Douglas County Extension Office to use sunlight for energy, education

Chris Rogge, left, director of solar design with Cromwell Environmental, and Nick Gardner, installer, mount several solar panels on the roof of the Douglas County Extension Office building in this November 2010 file photo. The units will supply about 15 percent of the building’s energy and will also be used for educational purposes.

A lack of sun didn’t keep a freshly installed photovoltaic system from generating energy this week.

Crews from Cromwell Environmental placed 20 solar panels on the south-facing roof of Douglas County Extension Office, 2110 Harper St. Along with producing 15 percent of the building’s electricity over the next 25 years, the system will be used as an educational tool for the extension office.

“This is just an energy-saving appliance,” said Aron Cromwell, a Lawrence city commissioner and CEO of the company contracted to install the panels.

The $20,000 system, a quarter of the cost of which will be covered by a Kansas State Energy Office grant, is one of three solar projects Douglas County installed this year.

This summer, solar thermal panels were installed at Douglas County Jail, 3601 E. 25th St., to heat water. In the fall, the county completed a similar system at the Douglas County Youth Services building in North Lawrence. The two combined for a $19,996 contract.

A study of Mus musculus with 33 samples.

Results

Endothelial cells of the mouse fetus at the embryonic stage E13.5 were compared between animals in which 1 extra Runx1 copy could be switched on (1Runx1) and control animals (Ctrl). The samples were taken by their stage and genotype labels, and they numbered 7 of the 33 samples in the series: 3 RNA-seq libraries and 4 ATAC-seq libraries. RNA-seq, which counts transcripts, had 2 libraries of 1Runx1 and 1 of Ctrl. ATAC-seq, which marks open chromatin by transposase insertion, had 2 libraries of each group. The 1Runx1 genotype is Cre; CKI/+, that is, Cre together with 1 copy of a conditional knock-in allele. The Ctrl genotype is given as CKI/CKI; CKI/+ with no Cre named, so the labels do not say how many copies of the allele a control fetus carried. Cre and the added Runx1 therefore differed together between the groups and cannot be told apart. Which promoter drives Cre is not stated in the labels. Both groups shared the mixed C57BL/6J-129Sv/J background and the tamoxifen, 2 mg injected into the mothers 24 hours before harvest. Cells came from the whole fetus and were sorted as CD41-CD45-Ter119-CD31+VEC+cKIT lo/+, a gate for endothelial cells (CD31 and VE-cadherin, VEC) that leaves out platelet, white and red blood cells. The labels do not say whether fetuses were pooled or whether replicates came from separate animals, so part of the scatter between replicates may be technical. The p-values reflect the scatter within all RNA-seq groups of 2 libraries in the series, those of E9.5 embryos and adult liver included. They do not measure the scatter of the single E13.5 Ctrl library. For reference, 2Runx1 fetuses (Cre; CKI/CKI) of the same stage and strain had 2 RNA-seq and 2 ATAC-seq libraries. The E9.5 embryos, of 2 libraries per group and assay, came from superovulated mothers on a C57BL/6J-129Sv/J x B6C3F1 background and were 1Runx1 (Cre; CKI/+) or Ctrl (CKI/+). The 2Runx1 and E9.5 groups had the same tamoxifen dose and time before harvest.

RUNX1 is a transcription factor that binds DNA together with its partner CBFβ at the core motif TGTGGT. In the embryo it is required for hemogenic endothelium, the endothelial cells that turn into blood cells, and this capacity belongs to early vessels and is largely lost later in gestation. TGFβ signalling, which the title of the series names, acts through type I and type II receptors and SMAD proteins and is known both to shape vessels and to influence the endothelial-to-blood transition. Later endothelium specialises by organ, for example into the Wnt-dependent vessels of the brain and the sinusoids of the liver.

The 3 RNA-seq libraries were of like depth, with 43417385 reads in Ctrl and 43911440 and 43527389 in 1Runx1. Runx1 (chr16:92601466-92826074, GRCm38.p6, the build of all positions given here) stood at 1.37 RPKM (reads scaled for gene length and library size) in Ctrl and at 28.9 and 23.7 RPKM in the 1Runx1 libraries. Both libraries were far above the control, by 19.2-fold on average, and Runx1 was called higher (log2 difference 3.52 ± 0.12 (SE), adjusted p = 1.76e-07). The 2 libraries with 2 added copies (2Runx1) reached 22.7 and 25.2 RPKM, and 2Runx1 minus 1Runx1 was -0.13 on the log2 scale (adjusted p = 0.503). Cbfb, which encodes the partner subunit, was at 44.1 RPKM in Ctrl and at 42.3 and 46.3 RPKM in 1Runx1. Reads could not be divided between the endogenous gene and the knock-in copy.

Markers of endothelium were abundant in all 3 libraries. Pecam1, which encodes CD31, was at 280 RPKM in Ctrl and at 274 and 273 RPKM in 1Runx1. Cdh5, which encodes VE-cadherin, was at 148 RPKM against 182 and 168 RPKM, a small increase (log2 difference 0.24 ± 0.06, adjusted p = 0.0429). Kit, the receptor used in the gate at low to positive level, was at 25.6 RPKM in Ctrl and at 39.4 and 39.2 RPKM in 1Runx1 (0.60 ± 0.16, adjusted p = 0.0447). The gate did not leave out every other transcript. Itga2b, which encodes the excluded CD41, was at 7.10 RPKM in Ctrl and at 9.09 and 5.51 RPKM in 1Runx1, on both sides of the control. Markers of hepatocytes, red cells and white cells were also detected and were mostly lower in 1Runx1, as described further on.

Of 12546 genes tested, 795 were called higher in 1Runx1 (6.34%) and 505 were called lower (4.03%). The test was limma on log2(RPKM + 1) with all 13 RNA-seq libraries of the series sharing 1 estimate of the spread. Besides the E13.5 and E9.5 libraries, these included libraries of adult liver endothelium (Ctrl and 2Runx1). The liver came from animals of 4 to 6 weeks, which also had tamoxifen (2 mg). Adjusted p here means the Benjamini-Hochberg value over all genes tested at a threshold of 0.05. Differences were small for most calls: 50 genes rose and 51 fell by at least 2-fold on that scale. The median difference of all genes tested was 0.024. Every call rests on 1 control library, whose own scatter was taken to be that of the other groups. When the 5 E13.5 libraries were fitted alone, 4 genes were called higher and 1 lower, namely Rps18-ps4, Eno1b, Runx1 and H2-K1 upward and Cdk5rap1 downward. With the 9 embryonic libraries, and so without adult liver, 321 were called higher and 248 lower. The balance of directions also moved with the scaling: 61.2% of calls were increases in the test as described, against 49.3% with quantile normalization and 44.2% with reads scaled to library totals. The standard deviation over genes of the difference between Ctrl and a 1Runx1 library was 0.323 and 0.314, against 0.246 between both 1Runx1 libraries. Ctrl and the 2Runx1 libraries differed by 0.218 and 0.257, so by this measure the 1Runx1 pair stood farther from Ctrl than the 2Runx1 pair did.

These projects are already cutting down on Douglas County’s utility bills, the county and city’s sustainability coordinator, Eileen Horn, said.

From the beginning of June to the end of September, the solar thermal panels at the jail shaved off $538.51 from its natural gas bill. One of the jail’s five hot water systems had its natural gas usage dropped by 70 percent.

Savings are on track to meet the projected eight-year payback of the jail’s five solar panels, Horn said. She called the solar panels a “smart, appropriate application of renewable energy.”

As for the panels going up this week on the extension office building, energy savings are expected to cover their expense over 16 years and avoid producing 261,000 pounds of carbon dioxide emissions over the next 25 years.

Beginning Wednesday, electricity was already trickling into the building.

Halfway through installing the panels on the extension office and under cloudy skies, crews switched on the solar panel inverter, a box that converts the solar panel’s direct current of electricity into the alternating current of electricity that is needed to power the building.

The meter read 33 watts.

“That’s enough for a compact fluorescent (light),” Cromwell said.